The door marked 'Champions League' has very kindly been left ajar once more following another weekend of dramatic and unexpected results. As Tottenham and Chelsea each claimed three points on Sunday, Arsenal stuttered at Stoke whilst Newcastle were floored by in-form Wigan.

As the situation stands, if Spurs return from the Reebok Stadium on Wednesday night with a win, they will be just a point away from Arsenal with two games remaining. That is, of course, unlikely given Tottenham have never won a Premier League game at Bolton but fans can dream, right?

The race, or marathon as it has turned out, is once again open to all four clubs. But much like the scenario in Italy's Serie A where their four pretenders are tied on 55 points, it has become hard to tell if anyone actually wants that top-four spot. Each English club have systematically imploded at some stage, casting doubt on their credentials.

AS IT STANDS...


3. Arsenal
4. Tottenham 86′
5. Newcastle 84′
6. Chelsea
Played

36
35
35
35
Points

66
62
62
61
GD

+24
+20
+7
+23
Arsenal had finally been worked out; Arsene Wenger had to be sacked and the club would be lucky to survive relegation after the 8-2 humiliation at Old Trafford.

Andre Villas-Boas was doing the worst impression of Jose Mourinho since that ridiculous puppet on the talkSPORT parody show as Chelsea flitted between the absurd and the downright dreadful.

Spurs had it sewn up by February didn't they? Mind the gap and all that 'banter'. Fast forward to just a week ago and they'd bottled it, plummeted and were calling for Redknapp's head.

And what of the Magpies? Newcastle found that life without Andy Carroll and Kevin Nolan was actually quite pleasant. But after initially laughing off suggestions of relegation via the amiable mixture of a strawberry syrup-sipping goal-machine and their croissant-loving midfield, the loss at Wigan and the prospect of a trip to Stamford Bridge suggest they may fall short as they negotiate the final hurdle.

They say a week is a long time in football and that doesn't ring truer than right now. Forget a battle for fourth place – third is still fair game after Arsenal's draw at Stoke.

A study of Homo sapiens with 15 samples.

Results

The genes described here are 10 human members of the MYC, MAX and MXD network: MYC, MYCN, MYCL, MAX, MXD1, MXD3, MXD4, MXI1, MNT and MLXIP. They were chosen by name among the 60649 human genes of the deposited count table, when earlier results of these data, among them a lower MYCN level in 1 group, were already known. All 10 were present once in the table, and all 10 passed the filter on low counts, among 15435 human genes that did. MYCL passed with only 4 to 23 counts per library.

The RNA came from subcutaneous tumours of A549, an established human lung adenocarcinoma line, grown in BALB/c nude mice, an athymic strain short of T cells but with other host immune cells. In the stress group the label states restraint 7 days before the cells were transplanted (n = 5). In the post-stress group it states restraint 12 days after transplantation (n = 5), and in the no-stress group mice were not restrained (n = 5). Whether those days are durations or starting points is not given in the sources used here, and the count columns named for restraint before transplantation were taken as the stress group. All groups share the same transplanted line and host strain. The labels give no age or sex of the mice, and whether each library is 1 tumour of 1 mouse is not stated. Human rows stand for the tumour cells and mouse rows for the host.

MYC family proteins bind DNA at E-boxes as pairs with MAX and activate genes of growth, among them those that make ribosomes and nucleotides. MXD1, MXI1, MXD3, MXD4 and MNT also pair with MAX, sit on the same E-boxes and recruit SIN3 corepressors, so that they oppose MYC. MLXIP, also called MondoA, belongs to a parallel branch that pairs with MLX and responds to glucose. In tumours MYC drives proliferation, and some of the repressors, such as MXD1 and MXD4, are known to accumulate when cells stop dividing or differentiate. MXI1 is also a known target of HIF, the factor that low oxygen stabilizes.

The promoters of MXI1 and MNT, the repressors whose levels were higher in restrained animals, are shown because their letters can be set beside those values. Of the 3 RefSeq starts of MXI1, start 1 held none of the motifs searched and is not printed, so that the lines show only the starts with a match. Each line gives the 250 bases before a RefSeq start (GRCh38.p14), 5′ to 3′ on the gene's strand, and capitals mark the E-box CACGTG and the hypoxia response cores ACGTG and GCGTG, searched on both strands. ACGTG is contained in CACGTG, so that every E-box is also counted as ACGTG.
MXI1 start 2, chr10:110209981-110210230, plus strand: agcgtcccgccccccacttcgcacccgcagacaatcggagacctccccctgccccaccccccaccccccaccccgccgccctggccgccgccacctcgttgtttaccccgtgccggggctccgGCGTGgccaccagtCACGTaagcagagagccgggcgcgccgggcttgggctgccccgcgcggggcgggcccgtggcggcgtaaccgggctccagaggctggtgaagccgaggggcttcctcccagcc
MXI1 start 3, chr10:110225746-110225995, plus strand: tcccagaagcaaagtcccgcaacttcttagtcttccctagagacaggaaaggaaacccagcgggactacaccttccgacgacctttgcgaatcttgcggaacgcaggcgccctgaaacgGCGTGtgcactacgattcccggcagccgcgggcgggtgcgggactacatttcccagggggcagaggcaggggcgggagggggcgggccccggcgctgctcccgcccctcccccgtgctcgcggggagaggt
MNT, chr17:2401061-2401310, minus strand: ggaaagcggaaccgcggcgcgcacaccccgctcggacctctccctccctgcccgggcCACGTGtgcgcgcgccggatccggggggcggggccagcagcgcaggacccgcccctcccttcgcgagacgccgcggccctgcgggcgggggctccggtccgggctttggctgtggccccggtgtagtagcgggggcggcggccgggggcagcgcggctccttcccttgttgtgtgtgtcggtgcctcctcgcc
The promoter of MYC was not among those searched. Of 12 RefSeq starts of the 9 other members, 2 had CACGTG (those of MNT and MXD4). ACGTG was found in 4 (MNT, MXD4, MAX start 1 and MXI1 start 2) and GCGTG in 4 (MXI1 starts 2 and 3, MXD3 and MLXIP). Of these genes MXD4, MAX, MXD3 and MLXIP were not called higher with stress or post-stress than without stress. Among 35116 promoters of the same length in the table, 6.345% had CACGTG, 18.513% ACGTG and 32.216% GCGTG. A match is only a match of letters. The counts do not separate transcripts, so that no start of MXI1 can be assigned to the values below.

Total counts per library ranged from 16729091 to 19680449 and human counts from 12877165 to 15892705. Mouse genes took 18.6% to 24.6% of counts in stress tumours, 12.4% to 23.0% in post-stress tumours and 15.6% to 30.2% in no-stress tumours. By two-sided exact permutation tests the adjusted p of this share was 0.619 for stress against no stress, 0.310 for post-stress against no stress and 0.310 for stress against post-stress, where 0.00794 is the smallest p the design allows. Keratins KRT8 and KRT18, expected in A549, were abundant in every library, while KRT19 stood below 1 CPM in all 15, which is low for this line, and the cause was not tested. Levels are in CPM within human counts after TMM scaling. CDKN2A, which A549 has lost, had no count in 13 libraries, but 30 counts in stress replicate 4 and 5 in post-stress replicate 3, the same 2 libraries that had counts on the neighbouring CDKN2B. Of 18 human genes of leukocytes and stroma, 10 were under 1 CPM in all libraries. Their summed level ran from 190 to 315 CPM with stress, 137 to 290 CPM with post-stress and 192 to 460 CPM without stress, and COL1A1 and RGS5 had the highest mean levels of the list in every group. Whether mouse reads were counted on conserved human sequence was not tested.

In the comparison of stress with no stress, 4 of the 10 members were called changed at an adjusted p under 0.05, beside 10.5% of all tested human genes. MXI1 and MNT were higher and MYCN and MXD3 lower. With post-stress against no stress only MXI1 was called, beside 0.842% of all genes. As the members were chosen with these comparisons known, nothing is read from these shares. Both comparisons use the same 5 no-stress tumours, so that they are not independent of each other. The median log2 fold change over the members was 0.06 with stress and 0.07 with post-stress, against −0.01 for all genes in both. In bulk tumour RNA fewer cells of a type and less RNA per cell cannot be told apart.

With Monday's top of the table clash being billed as one of the most important Premier League games of all time, it would be futile to compare the race for the title to the race for the Champions League.

ARSENAL'S REMAINING FIXTURES
May 5
Norwich (H)
May 13
West Brom (A)
TOTTENHAM'S REMAINING FIXTURES
May 2
Bolton (A)
May 6
Aston Villa (A)
May 13
Fulham (H)
NEWCASTLE'S REMAINING FIXTURES
May 2
Chelsea (A)
May 6
Manchester City (H)
May 13
Everton (A)
CHELSEA'S REMAINING FIXTURES
May 2
Newcastle (H)
May 5
Liverpool (N) (FA Cup)
May 8
Liverpool (A)
May 13
Blackburn (H)
May 19
Bayern (A)
(Champions League)
However, there are an awful lot of similarities between two supposedly different storylines. Manchester City led the league for 20 rounds of fixtures whilst Tottenham were in charge of third place for just two weeks' fewer.

But as the media wrote the obituaries for Messrs Ferguson and Wenger, the two pretenders stumbled. As City relinquished top spot, so Spurs did with third and as we approach the final few games of the campaign it remains to be seen whether either team are capable of reclaiming what was once considered theirs.

But at least it is still possible. Two weeks ago, Manchester United led the league by eight points and Spurs trailed their arch-rivals Arsenal by five. Give the underdogs a midweek victory and both contests will run to the wire.

Tottenham coasted to victory on Sunday against a Blackburn team totally devoid of ideas and belief. It was the ideal game for Redknapp's side, particularly following a damaging run of form that had clearly sapped his players both mentally and physically. With three points safe and secure, the prospect of finishing the campaign with another three wins looks far more plausible.

A trip to Bolton has always been problematic for Spurs but, although their away form this year has been patchy at best, the Trotters have not offered great resistance at the Reebok Stadium. Aside from relegated Wolves, no team has conceded more goals on their home patch. Coupled with Aston Villa, they have mustered a meagre four home wins – a suitably convenient statistic given a trip to Villa Park is Spurs' penultimate game of the season.

Though Martin Jol would undoubtedly like to get one over on the employers who so ungraciously gave him the sack, Fulham look to already be on their holidays – an understandable offence given their campaign began on the July 7.

So, where despair flooded over Tottenham supporters one week ago, there is now renewed faith that nine points and Champions League football will be delivered to White Hart Lane.

After the game on Sunday, the players left the stadium exuding a sense of elation, as if a weight had been lifted off their shoulders. There was a spring in the step of Younes Kaboul as he joked with reporters that his English wasn't good enough to talk to them, despite numerous interactions in the past.

Jake Livermore and Ledley King were in good spirits and Kyle Walker struggled to hide his smile as he nursed his man of the match bottle of champagne.

The Tottenham team look happy again and that may well be a reflection of the weekend's results. In a season that has thrown up some truly wacky plots, it is encouraging to know that the best is still yet to come.

Of course four teams do not fit two places but whichever way the final weeks play out, one thing is for sure: unless you are a Chelsea supporter, the Champions League pretenders will be rooting for Bayern Munich.